Captain Phillips follows a typical method of Hollywood movie-making that falls under a category I’d call: American encounters with the ‘Other’ (cue ominous, oriental sounding music). The star of the film is Captain Phillips played by Tom Hanks and the supporting actors and villains are the Somalis. There are many problems with this movie but I’ll focus on a few themes that emerge which is indicative of Hollywood’s persistent misrepresentation of people of color.
Tom Hanks’ character is portrayed as a stern yet benevolent man who risks his life for his crew. Phillips’ benevolence extends to his captors as well. We are shown countless scenes in which Phillips is sympathetic to the Somali pirates despite being held hostage. The Somali pirates are not given this inherent quality of compassion. Even during the scenes in which Muse, played by Barkhad Ali, decides not to kill Phillips, we understand it to be simply strategic; Muse needs him alive to secure a larger ransom. At one point an injured Somali offers Phillips water, but that is only to return Phillips’ kindness for treating his wounds.
Interestingly enough, the actual sailors who survived the raid vehemently reject the depiction of Phillips as benevolent and heroic. Crew members felt that he disregarded their safety and found him to be “real arrogant.” So why did the director of the film, Paul Greengrass, insist on this false portrayal? Allow me to speculate. Perhaps if Phillips were depicted accurately it would disturb the neat dichotomy of Somalis as barbaric and the central American figure as civilized. Maybe it would have disappointed or confused an audience that is used to (and enjoys?) seeing darker people as criminals.
Let’s shift to the character development of the Somali actors. There is very little. Whereas Phillips is humanized, from the opening scene of him kissing his wife goodbye to his rescue as he cries tears of relief, the Somali characters are one-dimensional. They have no past or future. Even their dialogue is monosyllabic. As a Somali speaker, I noticed that their pattern of speech felt unnatural and forced. In one scene Muse screams “I love America” met with awkward laughter from the audience. I presume this random outburst was meant to show Muse’s sarcastic wit. Instead it just made him look silly. There are many other scenes in which the Somalis are made to look ridiculous and stupid, outwitted by Phillips and the crew in ways that would insult anyone’s intelligence. Left with such a superficial depiction, the audience has only the senses to rely on. The Somali pirates are dirty, barefoot, poor, sweaty, and violent. And most importantly, they instill fear. As Tom Hanks himself described in an interview with the Telegraph:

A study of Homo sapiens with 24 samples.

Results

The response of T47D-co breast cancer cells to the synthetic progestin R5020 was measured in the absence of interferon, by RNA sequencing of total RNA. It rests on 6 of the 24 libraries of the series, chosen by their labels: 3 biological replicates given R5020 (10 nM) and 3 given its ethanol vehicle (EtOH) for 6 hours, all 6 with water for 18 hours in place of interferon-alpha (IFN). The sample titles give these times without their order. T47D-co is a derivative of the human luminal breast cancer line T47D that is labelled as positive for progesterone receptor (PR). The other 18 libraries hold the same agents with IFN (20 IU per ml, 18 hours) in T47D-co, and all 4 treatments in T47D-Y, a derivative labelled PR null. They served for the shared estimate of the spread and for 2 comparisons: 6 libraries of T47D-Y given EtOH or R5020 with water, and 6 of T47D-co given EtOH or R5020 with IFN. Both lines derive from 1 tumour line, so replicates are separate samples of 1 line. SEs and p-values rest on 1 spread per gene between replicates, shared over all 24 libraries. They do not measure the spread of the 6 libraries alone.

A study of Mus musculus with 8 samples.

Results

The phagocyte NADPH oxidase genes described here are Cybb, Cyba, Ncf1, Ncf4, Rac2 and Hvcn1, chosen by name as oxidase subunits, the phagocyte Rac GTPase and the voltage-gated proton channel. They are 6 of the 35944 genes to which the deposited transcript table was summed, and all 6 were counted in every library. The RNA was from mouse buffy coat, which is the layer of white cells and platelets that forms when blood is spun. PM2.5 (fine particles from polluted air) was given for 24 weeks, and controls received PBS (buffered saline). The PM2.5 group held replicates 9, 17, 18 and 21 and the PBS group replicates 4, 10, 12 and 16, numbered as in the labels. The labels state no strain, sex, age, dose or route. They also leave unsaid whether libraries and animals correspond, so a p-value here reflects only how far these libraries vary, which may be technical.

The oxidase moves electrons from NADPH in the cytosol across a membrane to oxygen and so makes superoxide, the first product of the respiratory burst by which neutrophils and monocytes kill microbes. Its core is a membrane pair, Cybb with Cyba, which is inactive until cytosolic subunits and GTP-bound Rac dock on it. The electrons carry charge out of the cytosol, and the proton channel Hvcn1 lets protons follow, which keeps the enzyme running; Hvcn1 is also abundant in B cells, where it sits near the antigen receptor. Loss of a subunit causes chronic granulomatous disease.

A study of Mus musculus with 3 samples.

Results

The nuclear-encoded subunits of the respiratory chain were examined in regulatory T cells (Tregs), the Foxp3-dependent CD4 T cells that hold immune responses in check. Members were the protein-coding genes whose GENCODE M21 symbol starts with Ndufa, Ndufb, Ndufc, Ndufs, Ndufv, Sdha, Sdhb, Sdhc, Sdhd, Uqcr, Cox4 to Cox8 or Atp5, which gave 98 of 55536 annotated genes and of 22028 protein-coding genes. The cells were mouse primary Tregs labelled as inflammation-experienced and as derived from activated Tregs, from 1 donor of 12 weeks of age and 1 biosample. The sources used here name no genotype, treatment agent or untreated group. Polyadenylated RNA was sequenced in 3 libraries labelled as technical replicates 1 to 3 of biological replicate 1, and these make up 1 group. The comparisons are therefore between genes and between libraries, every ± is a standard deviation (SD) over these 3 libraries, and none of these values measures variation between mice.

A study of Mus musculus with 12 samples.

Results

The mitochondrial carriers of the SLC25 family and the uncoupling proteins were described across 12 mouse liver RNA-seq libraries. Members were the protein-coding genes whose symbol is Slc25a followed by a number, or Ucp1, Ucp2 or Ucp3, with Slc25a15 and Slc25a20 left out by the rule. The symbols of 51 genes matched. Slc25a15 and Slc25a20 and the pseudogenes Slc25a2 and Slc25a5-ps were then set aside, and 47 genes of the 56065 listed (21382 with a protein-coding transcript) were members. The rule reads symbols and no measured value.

“They are the thinnest human beings you’ve ever seen and they’re incredibly scary because their heads are huge, their teeth are really bad and they’re waving automatic weapons in our faces and screaming at us…We were truly petrified.”
It’s baffling to think that Hanks, or anyone else, would consider such a description as appropriate or acceptable. You would think he was describing aliens or monsters. But dehumanizing the Somali characters fits perfectly into the overall narrative of the movie.
Another interesting theme is that of glorifying American military might. As the rescue of Phillips unfolds the viewer is struck with a feeling of awe at the highly sophisticated technology of the US Navy. The Somalis represent David, the US Navy is Goliath and you know the former as no chance against the latter. Much like the juxtaposition of American as good and Somali as evil, the veneration of American power juxtaposes America as strong and Somalia as weak. Of course that contrast is a reality, but the question is why do these specific kinds of binaries dominate Hollywood movies.
Again, allow me to speculate. Much like Black Hawk Down, the last movie on Somalia produced by Hollywood, these representations serve the aims of triumphalism and propaganda. In an interview with Democracy Now, an actor in Black Hawk Down criticized the movie for the same things that play out in Captain Phillips. Brendan Sexton stated that the Somalis in Black Hawk Down were portrayed as vicious ‘dark hordes.’ Sexton states that the movie was approved by the Pentagon and had several script changes to remove any dissent or critique. Essentially, the movie was a recruitment tool for the military. It might be a stretch to say Captain Phillips serves the same purpose, but I wouldn’t be surprised if many young American men left the theatre bright-eyed and curious about joining the Navy SEALs.
For all of its overt stereotypes, the movie does make surprising attempts at giving some context to the piracy problem. Muse does mention how piracy is a means of survival and only fair in light of how foreign countries abuse the Somali coastline. But the efforts at complexity are meek and overshadowed by a narrative more interested in glorifying the heroism of an American captain and his military. In my final assessment, I agree with Neta Kornberg when she says “Why Is This Kind Of [BS] Still On Screen?!”